Monkey Shoulder: A good blended Scotch for single malt drinkers? - Baltimore Post-ExaminerBaltimore Post-Examiner

Monkey Shoulder: A good blended Scotch for single malt drinkers?

If you’re a regular reader of this blog, you may have noticed a glaring lack of reviews of blended Scotches.  Yup, I’m a snob like that.  If I’m drinking Dewar’s or Johnnie Walker, I’m either trapped on an airplane or attending a wedding with an open but inferior bar.

bottleI’m a snob.  I own that.

Enter Monkey Shoulder.

A friend posted a link to a positive review of it on my facebook wall, asking whether I had tried it.  Not only hadn’t I tried it, I had never heard of it.  A bit of digging revealed generally positive reviews, and people suggesting that it tastes like a single malt.  Intriguing.  OK, I’ll bite… um… sip.

It turns out that Monkey Shoulder isn’t a blended Scotch in the way of Dewar’s and Chivas.

Blended Scotch is made by blending one or more single malt Scotches with grain whisky (whisky made from other grains besides malted barley, e.g. corn, wheat, or rye). Monkey Shoulder is a blended malt whisky, also sometimes called a vatted malt or pure malt, made from blending together single malts but not cutting them with grain whisky. While most of the Johnnie Walker line is blended Scotch, Johnnie Walker Green is a blended malt, like Monkey Shoulder.

For those who like blended Scotch, I find that the adjective that describes a good Scotch for them is “smooth.”  Blending grain whisky into malt whisky knocks off some of the harsh edges found in single malts and creates a smoother, more mellow Scotch, generally speaking.

For those who like single malts, smoothness is not generally the goal.  Flavor is.  We don’t want a blended Scotch that slides over our tongue smooth and unremarkable.  We want flavors to come and play, even (or maybe especially?) if some of them are challenging or acquired tastes.

As you get to the much higher end blended Scotches, like Johnnie Walker Blue, some of these flavor distinctions go away.  At some point, the blending becomes a true art.  I don’t know any single malt snob who would turn down a glass of Johnnie Walker Blue.  I certainly wouldn’t.  It’s delicious.  But at that price point, I can also get a damn fine single malt, I’m just saying.

So back to Monkey Shoulder.  Monkey Shoulder is a blended malt whisky, not a blended Scotch.  It doesn’t contain grain whisky, but is rather made from blending three Speyside single malts.  Specifically, Balvenie, Glenfiddich, and Kininvie.

Oh, the name?  Apparently back in the olden days when whisky makers used a long paddle to turn the barley by hand, it led to an asymmetry that caused their arm to hang down like a monkey’s.  Who knew?

For me, though, it evokes the “monkey finger” lyric from The Beatles’ “Come Together.” So basically every time I drink this, I start humming or singing “Come Together.”  That’s just a little window into the weird world of my brain for ya.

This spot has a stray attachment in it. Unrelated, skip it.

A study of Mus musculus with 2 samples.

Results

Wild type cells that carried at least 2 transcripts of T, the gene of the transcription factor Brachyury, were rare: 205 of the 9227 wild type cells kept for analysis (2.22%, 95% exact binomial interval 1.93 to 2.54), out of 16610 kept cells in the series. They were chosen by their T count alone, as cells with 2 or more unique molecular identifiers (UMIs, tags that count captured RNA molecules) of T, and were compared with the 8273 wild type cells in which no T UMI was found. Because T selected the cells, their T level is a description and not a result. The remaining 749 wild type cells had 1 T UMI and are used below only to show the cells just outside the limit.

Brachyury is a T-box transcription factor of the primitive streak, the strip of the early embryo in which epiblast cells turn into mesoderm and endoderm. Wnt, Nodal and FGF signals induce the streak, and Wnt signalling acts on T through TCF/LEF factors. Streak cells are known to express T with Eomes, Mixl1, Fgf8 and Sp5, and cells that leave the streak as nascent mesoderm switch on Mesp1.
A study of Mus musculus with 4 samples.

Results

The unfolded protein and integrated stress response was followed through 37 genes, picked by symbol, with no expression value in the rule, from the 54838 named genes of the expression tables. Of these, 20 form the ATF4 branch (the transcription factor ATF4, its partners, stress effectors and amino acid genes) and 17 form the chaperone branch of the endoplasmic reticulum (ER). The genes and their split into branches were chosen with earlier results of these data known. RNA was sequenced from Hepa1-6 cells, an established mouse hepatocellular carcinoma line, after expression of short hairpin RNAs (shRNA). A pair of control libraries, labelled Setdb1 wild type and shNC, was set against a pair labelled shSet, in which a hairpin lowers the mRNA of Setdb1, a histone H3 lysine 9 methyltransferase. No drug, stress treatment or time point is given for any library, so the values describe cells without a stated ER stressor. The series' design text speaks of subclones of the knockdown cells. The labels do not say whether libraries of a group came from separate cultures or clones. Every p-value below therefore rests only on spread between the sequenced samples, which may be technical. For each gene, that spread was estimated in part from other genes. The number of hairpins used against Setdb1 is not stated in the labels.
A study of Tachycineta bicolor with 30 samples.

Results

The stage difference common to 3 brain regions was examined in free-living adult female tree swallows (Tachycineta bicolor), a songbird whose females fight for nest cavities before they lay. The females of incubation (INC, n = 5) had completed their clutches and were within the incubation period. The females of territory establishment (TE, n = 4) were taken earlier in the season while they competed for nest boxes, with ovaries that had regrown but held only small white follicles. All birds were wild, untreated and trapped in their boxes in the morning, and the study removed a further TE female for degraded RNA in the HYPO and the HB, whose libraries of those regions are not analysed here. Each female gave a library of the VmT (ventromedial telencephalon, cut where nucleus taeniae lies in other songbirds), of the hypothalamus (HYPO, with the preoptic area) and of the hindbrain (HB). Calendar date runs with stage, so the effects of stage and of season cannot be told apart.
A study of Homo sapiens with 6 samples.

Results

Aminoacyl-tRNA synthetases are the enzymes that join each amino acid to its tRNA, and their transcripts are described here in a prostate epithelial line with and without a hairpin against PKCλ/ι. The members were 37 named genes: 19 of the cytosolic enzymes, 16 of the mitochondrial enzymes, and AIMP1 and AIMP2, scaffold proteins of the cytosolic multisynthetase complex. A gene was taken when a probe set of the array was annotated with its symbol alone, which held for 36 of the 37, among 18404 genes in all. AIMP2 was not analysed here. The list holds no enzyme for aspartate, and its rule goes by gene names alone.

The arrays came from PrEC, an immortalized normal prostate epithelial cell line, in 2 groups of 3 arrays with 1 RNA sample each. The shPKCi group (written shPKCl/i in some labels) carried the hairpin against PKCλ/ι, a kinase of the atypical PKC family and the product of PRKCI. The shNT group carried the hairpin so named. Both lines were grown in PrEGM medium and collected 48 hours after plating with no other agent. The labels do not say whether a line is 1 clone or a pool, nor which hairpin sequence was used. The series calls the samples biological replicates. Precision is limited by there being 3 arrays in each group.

cometogetherNow hum along with me, will you, while we taste?

The nose immediately reveals this as Speyside, and as something different from your run of the mill blended Scotch.  It has strong notes of citrus, pears, and pie spices, as well as honey, vanilla, and malt. [… joo-joo eyeball… he one…] The nose is really very nice.

The taste is much… thinner, for lack of a better word… than the nose, and frankly a bit of a let-down.  There is some vanilla, honey, and fruit with nice toasted notes mid-palate, but overall it kind of slides through my mouth rather unremarked.

That said, there is still loads more flavor here than in a typical blended.  I would have said this was a mediocre to decent Speyside, not a blend.  […one and one and one is three…]

The finish is nice but not lingering, with citrus, spice, and oak.

So… not a life changer, but a completely decent Speyside.  But here’s the kicker.  The price.  In the mid $30 range, this is going to be hard to beat.  I would say it’s pretty much a lateral move from the Glenmorangie 10, which is generally several dollars more.  It’s not as good as the Balvenie DoubleWood, but then it’s about $10 cheaper than the Balvenie.

If you’re a Speyside single malt drinker on a budget, or just curious to try a blended malt whisky, check out Monkey Shoulder.  And sing along.


About the author

Pam Desmond

When Pam isn’t living some imaginary fabulous whiskey lifestyle, she can be found hanging at home in her PJs with her husband and school-aged twins, or driving her glamorous minivan shuttling the kids to dance and gymnastics. She also writes a blog focusing on self-love, body acceptance, and being a mom at Pam-a-rama ding dong. With the more lucrative half of her brain, she works as a statistician and scientific writer. Follow her on Facebook (facebook.com/whiskeypam) and Twitter (@pamdesmond)! Contact the author.